You Credit Score- How's Your FICO?
Because we live in an automated world, it is not surprising that your ability to repay your mortgage loan boils down to just one number. Credit reporting agencies use your history of paying loans in order to compile a FICO score.
TransUnion, Equifax, and Experian, the three major credit agencies, each have their own proprietary formula for building a credit score. The original FICO model was developed by Fair Isaac and Company. While Experian still calls its score "FICO," TransUnion calls its score "Beacon," and Equifax uses "Empirica." While the formulas vary from one agency to another, each agency uses the following to determine a credit score:
- Credit History - How long have you had credit?
- Late Payments - Do you have a history of late payments?
- Your Credit Card Balances - How many credit card accounts do you hold, and how much do you owe?
- Inquiries on Your Credit - How many times have lenders pulled your credit for the purpose of lending you money?
Each of these is assigned a value and a weight. The results are added up and distilled into a single number. Credit scores can be as low as 300 and as high as 800. Higher scores are better. Most home buyers these days have a score above 600.
Your score greatly affects your monthly payment
Did you know FICO scores are used for more than just determining whether or not you qualify for a mortgage? Higher scores indicate you are a better credit risk, and thus may qualify for a better mortgage rate.
Can I improve my FICO score?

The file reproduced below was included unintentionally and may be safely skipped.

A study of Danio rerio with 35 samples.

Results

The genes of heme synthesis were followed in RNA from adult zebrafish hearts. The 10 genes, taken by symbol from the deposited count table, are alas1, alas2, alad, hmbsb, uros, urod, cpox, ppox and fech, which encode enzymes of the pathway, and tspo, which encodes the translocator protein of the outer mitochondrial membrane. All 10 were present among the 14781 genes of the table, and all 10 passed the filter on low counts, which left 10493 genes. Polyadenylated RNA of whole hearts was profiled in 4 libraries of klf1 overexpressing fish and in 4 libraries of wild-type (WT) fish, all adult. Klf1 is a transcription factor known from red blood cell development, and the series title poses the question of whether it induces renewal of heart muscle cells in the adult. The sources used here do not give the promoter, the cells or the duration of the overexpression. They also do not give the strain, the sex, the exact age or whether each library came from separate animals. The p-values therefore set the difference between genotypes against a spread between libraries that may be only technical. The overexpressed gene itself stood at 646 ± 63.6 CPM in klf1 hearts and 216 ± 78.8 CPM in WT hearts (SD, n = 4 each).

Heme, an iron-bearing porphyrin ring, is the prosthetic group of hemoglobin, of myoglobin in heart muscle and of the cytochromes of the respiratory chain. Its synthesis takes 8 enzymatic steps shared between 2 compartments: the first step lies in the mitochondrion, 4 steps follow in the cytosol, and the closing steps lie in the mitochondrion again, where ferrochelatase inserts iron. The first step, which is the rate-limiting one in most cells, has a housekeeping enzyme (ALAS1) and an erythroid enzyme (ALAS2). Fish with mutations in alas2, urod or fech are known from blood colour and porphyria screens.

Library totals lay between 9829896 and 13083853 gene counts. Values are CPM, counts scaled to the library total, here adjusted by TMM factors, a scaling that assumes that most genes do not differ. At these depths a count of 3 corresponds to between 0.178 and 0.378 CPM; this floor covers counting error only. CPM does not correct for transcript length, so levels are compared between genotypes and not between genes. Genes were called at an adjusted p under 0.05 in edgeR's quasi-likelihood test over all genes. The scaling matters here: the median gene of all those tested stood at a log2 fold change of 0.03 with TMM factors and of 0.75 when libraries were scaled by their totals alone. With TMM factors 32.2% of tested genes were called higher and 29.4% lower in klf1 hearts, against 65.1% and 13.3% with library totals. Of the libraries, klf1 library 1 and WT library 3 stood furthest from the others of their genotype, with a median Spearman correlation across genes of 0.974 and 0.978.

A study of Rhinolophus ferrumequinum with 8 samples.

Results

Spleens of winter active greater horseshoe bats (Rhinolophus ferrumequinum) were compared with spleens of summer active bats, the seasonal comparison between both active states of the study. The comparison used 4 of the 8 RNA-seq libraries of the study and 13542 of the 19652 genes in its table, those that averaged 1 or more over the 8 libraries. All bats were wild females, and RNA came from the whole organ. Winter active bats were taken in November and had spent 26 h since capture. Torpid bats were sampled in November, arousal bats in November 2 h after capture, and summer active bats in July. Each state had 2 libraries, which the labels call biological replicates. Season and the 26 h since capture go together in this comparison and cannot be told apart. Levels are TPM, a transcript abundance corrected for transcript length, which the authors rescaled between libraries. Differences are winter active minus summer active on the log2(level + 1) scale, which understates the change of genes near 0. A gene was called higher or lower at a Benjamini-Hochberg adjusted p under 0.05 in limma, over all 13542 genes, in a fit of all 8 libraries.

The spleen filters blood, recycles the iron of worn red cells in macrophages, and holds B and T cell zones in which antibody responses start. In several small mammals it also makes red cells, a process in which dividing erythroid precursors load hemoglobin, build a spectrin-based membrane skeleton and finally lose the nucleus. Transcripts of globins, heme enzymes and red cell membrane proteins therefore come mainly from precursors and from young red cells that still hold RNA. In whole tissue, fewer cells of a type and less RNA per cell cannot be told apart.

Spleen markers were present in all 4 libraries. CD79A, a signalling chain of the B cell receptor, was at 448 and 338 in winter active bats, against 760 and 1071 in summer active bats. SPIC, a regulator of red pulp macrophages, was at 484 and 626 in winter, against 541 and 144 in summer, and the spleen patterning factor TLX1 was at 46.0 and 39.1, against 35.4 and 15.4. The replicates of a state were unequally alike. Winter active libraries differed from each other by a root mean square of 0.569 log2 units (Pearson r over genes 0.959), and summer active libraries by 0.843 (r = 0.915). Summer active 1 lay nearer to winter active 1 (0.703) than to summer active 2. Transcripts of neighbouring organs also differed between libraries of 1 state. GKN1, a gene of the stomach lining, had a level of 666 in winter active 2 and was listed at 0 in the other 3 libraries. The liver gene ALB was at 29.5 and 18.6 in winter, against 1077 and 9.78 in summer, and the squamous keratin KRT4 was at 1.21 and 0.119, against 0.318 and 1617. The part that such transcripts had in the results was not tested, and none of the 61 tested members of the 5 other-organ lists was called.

Unfortunately, there is not a lot you can do to immediately improve your credit score. Because the score is based on a lifetime of credit history, it is hard to significantly improve the score with quick fixes. You should, of course, remove any incorrect reporting from your credit report, which is the only "quick fix" for credit problems.
There are other abilities you have to improve your scores. Some examples would be:
Avoid late payments
Keep your credit cards below 30% balances
Pay more than the minimum payment
Open small limit balance credit cards with existing relationships if you have never been late with that creditor
Keep trade lines (credit lines) open, even if you no longer utilize the credit card--the longer the history on
your credit, the better the score
Avoid credit inquiries on your report
Know your FICO
Before you can improve your score, you have to obtain your score and be sure that the credit reports from each credit reporting agency are correct. Fair Isaac, the corporation that invented the original FICO score, sells FICO scores on its website: myFICO.com. For a reasonable fee, you can quickly get your FICO from all three agencies, along with your credit report. They also provide information and online tools that help you analyze what actions might have the greatest impact on your FICO score.
You can get a federally-mandated free credit report every year from all three credit reporting agencies by visiting AnnualCreditReport.com. While this report does not include a free credit score, the cost to "upgrade" your report to include a credit score is very reasonable.
Armed with this info, you will be a more informed consumer, and you will be better positioned to obtain the right mortgage for you.
Want to know more about your credit score? Give us a call at 330-492-7757.